Self-hosted Kubernetes clusters are vulnerable to the following catastrophic failure scenarios:
- Loss of all api-servers
- Loss of all schedulers
- Loss of all controller-managers
- Loss of all self-hosted etcd nodes
To minimize the likelihood of any of the these scenarios, production self-hosted clusters should always run in a high-availability configuration (TODO: add documentation for running high-availability self-hosted clusters).
Nevertheless, in the event of a control plane loss the bootkube project
provides limited disaster avoidance and recovery support through the
pod-checkpointer program and the
bootkube recover subcommand.
The Pod Checkpointer is a program that ensures that existing local pod state can be recovered in the absence of an api-server.
This is accomplished by managing "checkpoints" of local pod state as static pod manifests:
- When the checkpointer sees that a "parent pod" (a pod which should be checkpointed), is successfully running, the checkpointer will save a local copy of the manifest.
- If the parent pod is detected as no longer running, the checkpointer will "activate" the checkpoint manifest. It will allow the checkpoint to continue running until the parent-pod is restarted on the local node, or it is able to contact an api-server to determine that the parent pod is no longer scheduled to this node.
A Pod Checkpointer DaemonSet is deployed by default when using
bootkube render to create cluster manifests. Using the Pod Checkpointer is highly
recommended for all self-hosted clusters to ensure node reboot resiliency.
For more information, see the Pod Checkpointer README.
In the event of partial or total self-hosted control plane loss,
bootkube recover may be able to assist in re-bootstrapping the self-hosted control
bootkube recover subcommand does not recover a cluster directly. The
recovery is a two step process:
bootkube recover then
bootkube start. The
recovery command extracts the control plane configuration from an available
source and renders manifests to the local filesystem. These resulting manifests
can be passed to
There are two available sources to choose from in
recover: etcd or API server.
What does bootkube recover do?
bootkube recoverattempts to read the configuration from an existing backend etcd or
API server. On success,
bootkube recover writes manifests for a modified
bootstrap control plane to a directory. The second phase of the recover can be
initiated by an administrator by running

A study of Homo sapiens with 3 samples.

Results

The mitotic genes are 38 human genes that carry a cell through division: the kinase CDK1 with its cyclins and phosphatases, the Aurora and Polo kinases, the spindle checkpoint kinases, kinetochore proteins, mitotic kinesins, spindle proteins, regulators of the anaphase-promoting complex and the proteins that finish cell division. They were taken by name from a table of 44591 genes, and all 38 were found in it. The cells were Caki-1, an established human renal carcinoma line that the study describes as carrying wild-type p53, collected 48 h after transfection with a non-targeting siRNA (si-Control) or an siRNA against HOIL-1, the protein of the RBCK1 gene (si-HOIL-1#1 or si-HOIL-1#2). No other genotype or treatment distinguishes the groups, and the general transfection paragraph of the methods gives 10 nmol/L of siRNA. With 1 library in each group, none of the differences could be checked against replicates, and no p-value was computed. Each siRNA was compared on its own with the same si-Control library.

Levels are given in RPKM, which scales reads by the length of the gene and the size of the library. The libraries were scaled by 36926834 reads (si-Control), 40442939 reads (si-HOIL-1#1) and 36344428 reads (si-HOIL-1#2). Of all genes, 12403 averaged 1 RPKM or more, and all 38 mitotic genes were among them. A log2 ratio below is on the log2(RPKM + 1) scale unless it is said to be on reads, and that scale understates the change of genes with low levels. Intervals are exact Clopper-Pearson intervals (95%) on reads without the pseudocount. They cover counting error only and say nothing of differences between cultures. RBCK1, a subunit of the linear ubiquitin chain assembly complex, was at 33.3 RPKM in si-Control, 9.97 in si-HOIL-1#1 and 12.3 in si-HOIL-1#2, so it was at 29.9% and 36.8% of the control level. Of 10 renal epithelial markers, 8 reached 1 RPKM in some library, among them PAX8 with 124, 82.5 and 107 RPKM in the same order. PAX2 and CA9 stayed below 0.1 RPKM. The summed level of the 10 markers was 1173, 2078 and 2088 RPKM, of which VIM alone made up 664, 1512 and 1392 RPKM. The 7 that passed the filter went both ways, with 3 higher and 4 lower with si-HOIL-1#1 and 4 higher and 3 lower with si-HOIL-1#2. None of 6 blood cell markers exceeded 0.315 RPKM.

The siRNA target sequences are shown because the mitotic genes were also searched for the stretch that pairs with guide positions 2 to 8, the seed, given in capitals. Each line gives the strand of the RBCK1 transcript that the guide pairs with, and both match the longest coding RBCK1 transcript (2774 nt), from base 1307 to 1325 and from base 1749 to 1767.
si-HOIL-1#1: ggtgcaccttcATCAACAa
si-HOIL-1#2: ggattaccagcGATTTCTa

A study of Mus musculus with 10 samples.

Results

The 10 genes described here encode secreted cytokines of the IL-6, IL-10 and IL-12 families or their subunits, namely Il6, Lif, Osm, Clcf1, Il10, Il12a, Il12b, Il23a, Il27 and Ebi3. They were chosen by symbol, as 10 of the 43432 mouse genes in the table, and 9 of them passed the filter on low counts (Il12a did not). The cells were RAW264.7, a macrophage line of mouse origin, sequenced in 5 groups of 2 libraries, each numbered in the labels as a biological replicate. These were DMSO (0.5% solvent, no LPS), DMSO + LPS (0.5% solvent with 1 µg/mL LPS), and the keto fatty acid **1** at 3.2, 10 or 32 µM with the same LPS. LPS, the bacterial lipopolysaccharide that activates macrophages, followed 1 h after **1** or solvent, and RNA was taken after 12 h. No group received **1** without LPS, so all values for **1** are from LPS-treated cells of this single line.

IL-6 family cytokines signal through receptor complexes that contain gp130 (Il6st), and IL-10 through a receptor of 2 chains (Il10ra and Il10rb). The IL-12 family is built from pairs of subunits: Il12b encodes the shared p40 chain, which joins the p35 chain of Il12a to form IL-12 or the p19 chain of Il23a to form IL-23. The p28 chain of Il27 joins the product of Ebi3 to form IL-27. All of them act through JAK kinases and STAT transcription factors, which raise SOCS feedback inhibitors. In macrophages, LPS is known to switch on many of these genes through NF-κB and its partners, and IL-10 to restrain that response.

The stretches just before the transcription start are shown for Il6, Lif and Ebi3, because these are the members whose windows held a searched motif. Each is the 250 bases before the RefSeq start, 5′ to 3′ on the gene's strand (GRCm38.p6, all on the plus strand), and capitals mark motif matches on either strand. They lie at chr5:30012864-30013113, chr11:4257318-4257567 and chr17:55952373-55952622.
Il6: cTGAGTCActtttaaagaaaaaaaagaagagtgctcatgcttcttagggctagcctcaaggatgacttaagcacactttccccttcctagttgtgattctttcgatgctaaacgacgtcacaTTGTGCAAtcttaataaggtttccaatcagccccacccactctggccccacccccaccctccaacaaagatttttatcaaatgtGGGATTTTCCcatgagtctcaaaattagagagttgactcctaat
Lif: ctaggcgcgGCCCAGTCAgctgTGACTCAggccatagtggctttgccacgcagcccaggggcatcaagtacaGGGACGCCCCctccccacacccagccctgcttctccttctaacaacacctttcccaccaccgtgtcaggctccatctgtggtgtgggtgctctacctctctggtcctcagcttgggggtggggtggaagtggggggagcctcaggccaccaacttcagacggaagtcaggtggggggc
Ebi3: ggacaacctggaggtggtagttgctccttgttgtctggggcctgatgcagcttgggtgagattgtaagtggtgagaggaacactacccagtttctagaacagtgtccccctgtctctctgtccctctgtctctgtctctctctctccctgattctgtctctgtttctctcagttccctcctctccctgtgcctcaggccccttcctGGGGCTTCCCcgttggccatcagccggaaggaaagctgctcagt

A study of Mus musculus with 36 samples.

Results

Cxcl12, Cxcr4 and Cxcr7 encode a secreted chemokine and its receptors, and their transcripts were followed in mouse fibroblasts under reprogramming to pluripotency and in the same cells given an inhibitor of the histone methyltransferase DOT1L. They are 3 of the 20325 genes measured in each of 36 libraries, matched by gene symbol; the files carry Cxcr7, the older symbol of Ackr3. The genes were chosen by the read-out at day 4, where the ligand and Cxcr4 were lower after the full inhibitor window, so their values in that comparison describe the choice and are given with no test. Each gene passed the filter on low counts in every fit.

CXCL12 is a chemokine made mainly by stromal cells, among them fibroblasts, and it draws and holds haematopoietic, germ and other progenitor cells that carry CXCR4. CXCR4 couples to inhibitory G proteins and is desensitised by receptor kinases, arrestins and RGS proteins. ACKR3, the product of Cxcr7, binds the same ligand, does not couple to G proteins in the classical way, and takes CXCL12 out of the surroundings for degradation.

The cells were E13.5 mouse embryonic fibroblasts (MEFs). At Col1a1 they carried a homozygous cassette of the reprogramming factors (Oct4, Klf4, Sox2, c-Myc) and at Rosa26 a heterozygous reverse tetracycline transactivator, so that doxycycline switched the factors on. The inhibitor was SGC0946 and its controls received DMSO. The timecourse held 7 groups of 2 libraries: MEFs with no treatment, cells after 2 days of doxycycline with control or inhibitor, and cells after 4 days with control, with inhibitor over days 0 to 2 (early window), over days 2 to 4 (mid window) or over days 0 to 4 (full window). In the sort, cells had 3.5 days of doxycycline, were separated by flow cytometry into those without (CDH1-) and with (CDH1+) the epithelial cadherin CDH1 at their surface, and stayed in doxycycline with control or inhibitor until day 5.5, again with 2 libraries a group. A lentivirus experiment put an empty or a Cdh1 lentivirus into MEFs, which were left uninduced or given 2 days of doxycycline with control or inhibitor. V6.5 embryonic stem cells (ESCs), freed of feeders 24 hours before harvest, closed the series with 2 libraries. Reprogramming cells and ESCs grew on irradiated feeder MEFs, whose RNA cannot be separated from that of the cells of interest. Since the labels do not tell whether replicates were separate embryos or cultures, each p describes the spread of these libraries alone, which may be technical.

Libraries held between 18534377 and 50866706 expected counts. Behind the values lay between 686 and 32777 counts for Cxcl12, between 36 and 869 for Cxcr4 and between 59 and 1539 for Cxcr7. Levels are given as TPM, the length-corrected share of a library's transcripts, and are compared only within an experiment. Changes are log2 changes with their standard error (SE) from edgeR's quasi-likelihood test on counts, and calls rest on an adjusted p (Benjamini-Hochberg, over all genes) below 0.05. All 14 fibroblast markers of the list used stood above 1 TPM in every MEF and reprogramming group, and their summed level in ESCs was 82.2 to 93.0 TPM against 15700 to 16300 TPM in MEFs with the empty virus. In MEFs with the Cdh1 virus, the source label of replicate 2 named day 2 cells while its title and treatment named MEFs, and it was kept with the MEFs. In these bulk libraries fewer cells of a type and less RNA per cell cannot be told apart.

bootkube start on these manifests.
bootkube recover modifies bootstrap pod specs in the following ways:
- Ensure the pod runs as root
- Ensure the container runs as root
- Change Secret volume mounts to point to file mounts
- Change ConfigMaps volume mounts to point to file mounts
- Ensures the commandline of the containers contains --kubeconfig=/kubeconfig/kubeconfig
- Add a mount for the kubeconfig
- Bootstrap Daemonsets
- Bootstrap Deployments
- Required ConfigMaps
- Required Secrets
bootkube start to recover the cluster,
bootkube start will
automatically tear down the recovery control plane.
bootkube recover usage
For best results always use the most recently tagged Bootkube release when using
regardless of which release was used to create the cluster. To see the available releases,
checkout the tagged binary releases on GitHub
or the tagged Docker images on Quay.io.
To see available options, run:
bootkube recover --help
To recover a cluster, first invoke
bootkube recover with flags corresponding
to the current state of the cluster (supported states listed below). Then,
bootkube start to reboot the cluster. For example:
scp bootkube user@master-node: ssh user@master-node ./bootkube recover --recovery-dir=recovered [scenario-specific options] sudo ./bootkube start --asset-dir=recovered
bootkube start invocation will print the following warning message:
WARNING: recovered/manifests does not exist, not creating any self-hosted assets.
This message can be safely ignored. It is printed because recovery does not attempt to recreate self-hosted assets; it only runs a temporary control plane to allow the self-hosted control plane to recover itself.
For complete recovery examples see the hack/multi-node/bootkube-test-recovery and
If an api-server is still running
If an api-server is still running but other control plane components are down, preventing cluster functionality (i.e. the scheduler pods are all down), the control plane can be extracted directly from the api-server:
bootkube recover --recovery-dir=recovered --kubeconfig=/etc/kubernetes/kubeconfig
If an external etcd cluster is still running
If using an external etcd cluster, the control plane can be extracted directly from etcd:
bootkube recover --recovery-dir=recovered --etcd-servers=http://127.0.0.1:2379 --kubeconfig=/etc/kubernetes/kubeconfig
If an etcd backup is available (non-self-hosted etcd)
First, recover the external etcd cluster from the backup. Then use the method described in the previous section to recover the control plane manifests.